Shocking Things Your Brain Does When You’re Stressed
In mammals and humans in particular, stress causes the body to go into survival mode and triggers its internal stress response which is a mechanism used to combat life threatening scenarios. A good example of this is faster heartbeat which increases blood flow to the brain and the body and is followed up by acute senses of hearing and sight causing us humans to become increasingly aware of our surroundings.
This is done by the brain which sends neural signals to our body, telling the adrenal glands to secrete cortisol and adrenaline, which in turn results in increased sugar levels in the bloodstream, blood pressure and heart rate.
The effect of chronic or regular stress can have a tremendous negative impact on our brain function and can lead to conditions like memory loss, mood fluctuations, brain fog, depression, anxiety and post-traumatic stress disorder.
Chronic Stress can actually shrink our Brain
Stress causes the levels of cortisol in our brain to shoot up and frequent high cortisol levels can severely harm our body’s physical and mental capacity since cortisol can eliminate, shrink or even stop the creation of new neurons in critical areas of the brain that are associated with memory, acquired learning and emotional control. Encounters that are stressful can damage our memory and ability to acquire knowledge whilst also inducing impulsiveness since stress can reduce the amount of grey matter in our brain regions which is responsible for emotional control and other physiological traits.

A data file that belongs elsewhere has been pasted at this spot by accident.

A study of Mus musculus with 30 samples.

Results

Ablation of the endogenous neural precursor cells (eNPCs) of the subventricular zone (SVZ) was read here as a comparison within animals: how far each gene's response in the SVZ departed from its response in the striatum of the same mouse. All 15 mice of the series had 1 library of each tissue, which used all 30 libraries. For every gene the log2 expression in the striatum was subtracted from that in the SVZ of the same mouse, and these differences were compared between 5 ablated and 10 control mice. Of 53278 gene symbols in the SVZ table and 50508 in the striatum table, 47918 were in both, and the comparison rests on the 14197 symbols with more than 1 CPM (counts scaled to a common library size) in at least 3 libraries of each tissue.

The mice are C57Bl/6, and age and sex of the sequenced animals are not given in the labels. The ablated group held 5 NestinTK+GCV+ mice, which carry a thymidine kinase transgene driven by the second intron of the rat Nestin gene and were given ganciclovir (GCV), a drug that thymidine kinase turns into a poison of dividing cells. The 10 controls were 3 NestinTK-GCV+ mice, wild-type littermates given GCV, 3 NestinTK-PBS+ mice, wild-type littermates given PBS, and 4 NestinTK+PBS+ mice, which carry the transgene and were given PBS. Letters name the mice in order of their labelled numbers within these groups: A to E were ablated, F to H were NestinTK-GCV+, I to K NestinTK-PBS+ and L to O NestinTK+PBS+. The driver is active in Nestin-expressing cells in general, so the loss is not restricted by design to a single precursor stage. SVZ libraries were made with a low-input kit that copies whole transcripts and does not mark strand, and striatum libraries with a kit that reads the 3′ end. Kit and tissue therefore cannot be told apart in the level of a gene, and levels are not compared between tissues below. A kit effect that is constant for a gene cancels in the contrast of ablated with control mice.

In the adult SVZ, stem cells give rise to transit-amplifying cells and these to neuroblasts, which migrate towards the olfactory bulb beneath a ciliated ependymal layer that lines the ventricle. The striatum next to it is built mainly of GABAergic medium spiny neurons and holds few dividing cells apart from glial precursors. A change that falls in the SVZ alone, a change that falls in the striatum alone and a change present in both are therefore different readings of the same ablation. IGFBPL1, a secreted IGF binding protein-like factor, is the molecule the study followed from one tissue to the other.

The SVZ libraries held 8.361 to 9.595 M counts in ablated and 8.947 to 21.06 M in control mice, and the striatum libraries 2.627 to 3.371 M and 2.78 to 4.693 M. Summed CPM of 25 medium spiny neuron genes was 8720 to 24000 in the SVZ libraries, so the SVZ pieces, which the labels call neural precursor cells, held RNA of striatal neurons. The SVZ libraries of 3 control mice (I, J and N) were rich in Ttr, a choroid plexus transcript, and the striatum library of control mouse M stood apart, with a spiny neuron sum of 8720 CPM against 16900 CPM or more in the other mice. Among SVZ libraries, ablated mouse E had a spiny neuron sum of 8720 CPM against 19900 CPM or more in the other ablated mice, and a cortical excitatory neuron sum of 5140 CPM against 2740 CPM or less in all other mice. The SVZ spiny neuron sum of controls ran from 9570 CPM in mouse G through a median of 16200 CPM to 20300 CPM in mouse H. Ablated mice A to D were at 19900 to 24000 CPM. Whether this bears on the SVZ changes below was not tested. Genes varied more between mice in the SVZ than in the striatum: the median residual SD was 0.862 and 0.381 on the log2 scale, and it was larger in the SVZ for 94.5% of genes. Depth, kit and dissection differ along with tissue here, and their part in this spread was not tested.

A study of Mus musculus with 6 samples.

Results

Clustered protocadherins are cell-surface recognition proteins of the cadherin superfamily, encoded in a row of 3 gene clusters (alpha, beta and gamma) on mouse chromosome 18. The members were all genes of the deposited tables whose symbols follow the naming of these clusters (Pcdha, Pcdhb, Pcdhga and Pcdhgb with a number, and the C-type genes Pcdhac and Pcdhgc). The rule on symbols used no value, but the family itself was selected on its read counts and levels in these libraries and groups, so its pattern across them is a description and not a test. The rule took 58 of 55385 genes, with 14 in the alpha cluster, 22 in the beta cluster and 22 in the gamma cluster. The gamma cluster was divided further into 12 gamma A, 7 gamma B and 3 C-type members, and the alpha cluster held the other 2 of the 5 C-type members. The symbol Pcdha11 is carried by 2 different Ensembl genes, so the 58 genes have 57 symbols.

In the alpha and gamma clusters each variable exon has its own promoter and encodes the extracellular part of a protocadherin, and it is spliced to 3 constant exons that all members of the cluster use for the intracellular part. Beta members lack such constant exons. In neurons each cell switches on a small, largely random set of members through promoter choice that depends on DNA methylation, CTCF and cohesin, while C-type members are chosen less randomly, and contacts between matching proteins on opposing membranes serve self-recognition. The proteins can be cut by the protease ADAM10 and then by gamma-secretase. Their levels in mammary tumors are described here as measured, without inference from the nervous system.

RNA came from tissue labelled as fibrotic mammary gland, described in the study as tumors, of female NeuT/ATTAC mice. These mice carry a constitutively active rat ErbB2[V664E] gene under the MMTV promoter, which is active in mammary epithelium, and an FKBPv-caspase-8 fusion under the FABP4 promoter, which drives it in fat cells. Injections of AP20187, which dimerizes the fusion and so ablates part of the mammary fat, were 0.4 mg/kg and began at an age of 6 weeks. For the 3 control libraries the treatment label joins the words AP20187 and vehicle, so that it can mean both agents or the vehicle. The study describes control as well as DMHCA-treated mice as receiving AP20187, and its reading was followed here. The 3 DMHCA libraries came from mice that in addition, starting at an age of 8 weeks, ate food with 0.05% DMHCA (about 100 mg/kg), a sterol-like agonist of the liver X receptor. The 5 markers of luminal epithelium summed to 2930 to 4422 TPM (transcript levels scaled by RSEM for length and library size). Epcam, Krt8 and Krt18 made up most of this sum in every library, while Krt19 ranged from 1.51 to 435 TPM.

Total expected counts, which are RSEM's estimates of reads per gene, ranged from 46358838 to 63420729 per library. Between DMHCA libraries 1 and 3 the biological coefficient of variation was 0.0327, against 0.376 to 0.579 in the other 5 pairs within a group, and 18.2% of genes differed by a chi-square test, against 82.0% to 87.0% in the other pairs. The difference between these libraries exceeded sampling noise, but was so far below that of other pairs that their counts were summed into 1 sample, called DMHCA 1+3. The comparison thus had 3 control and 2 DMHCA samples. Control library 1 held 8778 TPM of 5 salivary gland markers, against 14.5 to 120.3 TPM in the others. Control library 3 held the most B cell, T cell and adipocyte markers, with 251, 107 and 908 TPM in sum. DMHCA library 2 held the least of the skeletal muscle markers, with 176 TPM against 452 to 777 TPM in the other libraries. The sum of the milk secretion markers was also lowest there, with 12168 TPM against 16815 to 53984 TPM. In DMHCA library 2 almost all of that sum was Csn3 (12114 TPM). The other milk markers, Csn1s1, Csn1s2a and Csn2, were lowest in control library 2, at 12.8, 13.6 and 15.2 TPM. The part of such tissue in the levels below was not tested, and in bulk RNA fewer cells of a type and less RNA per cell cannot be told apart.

Prolonged stress can stop the production of new neurons (associated with learning) and can result in a reduced size of the brain’s medial prefrontal cortex which then results in emotional and intellectual deficiency.
Stress Is a Brain Killer
As discussed above, a perceived imminent threat causes the body to release adrenaline which gives our brain and body the energy for a possible “fight or flight” scenario. After a few minutes, this hormone leaves the body to let it resume it’s normal functions, but in event of prolonged stress, the brain then goes into hyperactive mode and releases glucocorticoids, a form of steroidal hormones that include cortisol which does not leave the body the same way adrenaline does, residing in the brain for long periods of time, causing long term damage.
The release and residence of these hormones in the brain can cause an imbalance in the neural system. An unusually large number of adrenaline and cortisol in the body can kill the neurons and cells in the hippocampus which leads to memory and cognitive impairment.
How to Combat Stress
While the body and brain does have its own natural capability to recoup from stressful encounters by generating additional neurons, we can accelerate the rehabilitation process by certain proactive measures which can be incorporated in our daily routine to help improve the quality of our everyday life. The incorporation of physical exercise can drastically reduce the stress levels in the body and experts recommend that even a leisurely stroll of 30 minutes every day can potentially help to lower stress and improve mental health.
Having adequate sleep, meditation and avoiding heavy meals, cigarettes and alcohol can lead to a drastically better everyday experience and elevated mood levels. Reducing other stress inducing situations like noise, bright lights and maintaining a cool surrounding temperature of 60 to 65 degrees can all result in a healthy mental state.